The Government has urged motorists to fill with fuel now or risk being immobile over the Easter weekend.
The advice - not explicit, but implied when a Downing Street spokesman said drivers should take "prudent" steps to ensure they have enough fuel - has raised fears of a run on fuel stations over the next few days.
The Government spokesman encouraged people to consider a "contingency" plan if fuel tanker drivers go on strike.
There's no official strike date yet, but the 2,000 fuel tanker drivers of the Unite union have voted to strike and can do so at seven days' notice - meaning an Easter walkout is on the cards.
Terms and conditions, and health and safety concerns, are driving the dispute.
According to The Sun, David Cameron is this afternoon meeting with the Government's emergency group, COBRA, to work out how to smooth the country's progress through the strike
There's still time for the strike to be called off, but it's looking increasingly likely. If the 2,000 drivers do walk out, it means 90% of the distribution of fuel in the UK will stop at a stroke.
It's thought that the government has deliberately suggested that drivers stay topped up as a tactical measure - if motorists fill their tanks now, the fuel stations will be replenished as normal before the strike. That means well-stocked garages during the action, plus fewer drivers drawing fuel.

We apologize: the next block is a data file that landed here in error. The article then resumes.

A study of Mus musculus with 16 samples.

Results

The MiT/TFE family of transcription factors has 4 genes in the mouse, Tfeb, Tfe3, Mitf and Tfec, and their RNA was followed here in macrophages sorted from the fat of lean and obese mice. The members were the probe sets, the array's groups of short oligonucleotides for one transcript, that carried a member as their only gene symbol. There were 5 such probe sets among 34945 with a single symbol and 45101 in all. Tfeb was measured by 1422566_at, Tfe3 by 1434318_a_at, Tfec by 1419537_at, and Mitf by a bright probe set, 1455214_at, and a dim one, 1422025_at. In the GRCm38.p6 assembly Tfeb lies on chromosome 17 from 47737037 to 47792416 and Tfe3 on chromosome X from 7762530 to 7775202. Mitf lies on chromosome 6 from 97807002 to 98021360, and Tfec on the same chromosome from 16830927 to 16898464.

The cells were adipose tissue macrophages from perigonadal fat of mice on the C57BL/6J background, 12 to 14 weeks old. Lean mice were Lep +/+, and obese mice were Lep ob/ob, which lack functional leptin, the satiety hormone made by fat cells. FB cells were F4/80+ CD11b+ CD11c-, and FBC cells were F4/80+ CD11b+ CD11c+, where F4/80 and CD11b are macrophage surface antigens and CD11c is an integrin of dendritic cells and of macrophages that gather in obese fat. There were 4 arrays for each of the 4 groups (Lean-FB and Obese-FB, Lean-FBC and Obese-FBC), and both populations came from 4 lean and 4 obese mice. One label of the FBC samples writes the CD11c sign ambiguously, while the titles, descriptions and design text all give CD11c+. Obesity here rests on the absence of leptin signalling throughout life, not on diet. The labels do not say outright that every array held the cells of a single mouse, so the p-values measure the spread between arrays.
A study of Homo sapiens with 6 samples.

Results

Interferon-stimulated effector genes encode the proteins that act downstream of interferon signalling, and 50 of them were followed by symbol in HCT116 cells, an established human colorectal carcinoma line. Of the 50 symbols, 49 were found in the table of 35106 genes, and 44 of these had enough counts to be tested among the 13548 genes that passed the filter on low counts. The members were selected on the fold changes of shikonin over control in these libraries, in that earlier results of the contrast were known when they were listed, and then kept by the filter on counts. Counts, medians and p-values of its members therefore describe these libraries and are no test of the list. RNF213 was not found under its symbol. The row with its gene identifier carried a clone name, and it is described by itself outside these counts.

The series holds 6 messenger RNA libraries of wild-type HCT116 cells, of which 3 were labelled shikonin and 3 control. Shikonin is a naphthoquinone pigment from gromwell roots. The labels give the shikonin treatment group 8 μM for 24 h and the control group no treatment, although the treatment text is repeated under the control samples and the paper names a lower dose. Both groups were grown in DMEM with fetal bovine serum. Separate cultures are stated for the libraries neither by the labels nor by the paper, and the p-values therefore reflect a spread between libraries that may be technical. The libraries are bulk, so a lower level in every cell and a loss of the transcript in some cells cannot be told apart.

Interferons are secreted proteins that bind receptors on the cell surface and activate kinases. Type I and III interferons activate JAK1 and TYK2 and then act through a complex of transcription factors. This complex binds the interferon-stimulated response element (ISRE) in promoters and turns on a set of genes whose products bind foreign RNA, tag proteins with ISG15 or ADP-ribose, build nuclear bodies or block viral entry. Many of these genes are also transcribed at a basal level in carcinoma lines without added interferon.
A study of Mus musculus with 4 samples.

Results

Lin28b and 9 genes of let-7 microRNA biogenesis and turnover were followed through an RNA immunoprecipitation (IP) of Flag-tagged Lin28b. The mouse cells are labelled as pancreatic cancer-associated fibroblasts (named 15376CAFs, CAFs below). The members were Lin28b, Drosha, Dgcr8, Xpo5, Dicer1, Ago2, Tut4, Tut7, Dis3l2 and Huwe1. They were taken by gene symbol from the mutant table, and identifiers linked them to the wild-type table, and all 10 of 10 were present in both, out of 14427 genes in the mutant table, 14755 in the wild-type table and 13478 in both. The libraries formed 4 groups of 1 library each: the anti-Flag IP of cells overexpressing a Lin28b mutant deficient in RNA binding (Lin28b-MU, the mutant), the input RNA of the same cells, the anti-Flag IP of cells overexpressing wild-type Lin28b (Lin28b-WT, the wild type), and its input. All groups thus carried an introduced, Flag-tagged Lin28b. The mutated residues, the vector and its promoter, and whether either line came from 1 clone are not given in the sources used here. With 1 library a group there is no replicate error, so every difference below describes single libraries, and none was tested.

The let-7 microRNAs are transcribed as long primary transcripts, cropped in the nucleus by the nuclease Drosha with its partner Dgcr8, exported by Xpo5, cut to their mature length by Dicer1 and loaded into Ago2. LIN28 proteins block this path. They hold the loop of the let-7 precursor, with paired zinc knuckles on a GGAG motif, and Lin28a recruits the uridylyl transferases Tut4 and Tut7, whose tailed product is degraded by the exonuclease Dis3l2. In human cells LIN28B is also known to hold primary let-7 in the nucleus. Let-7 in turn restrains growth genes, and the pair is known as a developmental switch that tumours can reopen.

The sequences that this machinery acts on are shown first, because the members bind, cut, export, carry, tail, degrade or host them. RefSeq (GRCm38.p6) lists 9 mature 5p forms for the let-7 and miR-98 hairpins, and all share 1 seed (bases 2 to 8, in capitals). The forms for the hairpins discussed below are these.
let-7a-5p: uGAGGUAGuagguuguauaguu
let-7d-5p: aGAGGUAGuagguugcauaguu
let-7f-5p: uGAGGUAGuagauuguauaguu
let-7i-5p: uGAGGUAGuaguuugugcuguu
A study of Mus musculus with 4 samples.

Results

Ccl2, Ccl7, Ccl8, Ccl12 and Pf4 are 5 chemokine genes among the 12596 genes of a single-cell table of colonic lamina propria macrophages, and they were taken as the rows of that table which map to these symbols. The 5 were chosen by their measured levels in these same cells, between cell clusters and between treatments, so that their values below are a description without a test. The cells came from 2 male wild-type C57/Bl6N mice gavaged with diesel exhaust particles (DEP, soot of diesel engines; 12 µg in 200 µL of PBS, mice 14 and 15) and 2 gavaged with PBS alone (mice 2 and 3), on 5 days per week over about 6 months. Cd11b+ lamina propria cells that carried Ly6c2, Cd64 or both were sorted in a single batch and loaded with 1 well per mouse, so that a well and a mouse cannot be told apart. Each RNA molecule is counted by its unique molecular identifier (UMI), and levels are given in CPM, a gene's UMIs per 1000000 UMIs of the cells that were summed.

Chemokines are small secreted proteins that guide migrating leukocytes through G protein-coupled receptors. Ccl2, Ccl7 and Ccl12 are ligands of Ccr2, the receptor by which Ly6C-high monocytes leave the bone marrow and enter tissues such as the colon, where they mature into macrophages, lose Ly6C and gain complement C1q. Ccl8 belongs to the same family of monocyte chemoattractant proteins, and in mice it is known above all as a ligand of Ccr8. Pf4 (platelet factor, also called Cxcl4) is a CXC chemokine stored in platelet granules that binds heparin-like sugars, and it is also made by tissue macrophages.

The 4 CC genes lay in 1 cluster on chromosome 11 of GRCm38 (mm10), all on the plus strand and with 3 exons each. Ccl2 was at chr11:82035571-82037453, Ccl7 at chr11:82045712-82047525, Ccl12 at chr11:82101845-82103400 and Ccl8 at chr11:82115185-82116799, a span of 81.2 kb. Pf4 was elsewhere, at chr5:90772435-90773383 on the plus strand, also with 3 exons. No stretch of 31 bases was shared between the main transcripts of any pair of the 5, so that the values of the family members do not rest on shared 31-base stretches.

Labour has suggested that the Government's advice is "the height of irresponsibility" because it could see petrol stations bled dry unnecessarily.
However, the opposition party is in a politically precarious position if the strike happens, because the Unite union is the party's biggest donor; Ed Miliband is yet to comment on the potential action.
The AA has urged drivers to avoid panic buying, though. "There is plenty of fuel to go round and the situation will only deteriorate if motorists rush unnecessarily to filling stations," said chief Edmund King. "No strikes have yet been announced and there is enough fuel out there as long as people do not fill up unnecessarily."
Bigger fuel station chains are better equipped to deal with irregular buying and delivery patterns - but for independent garages the strike could be catastrophic.
With a tanker of fuel costing around £55,000, some smaller garages do not have the cash flow to stockpile fuel to cover the strike period. This could mean redundancies and, at worst, closures.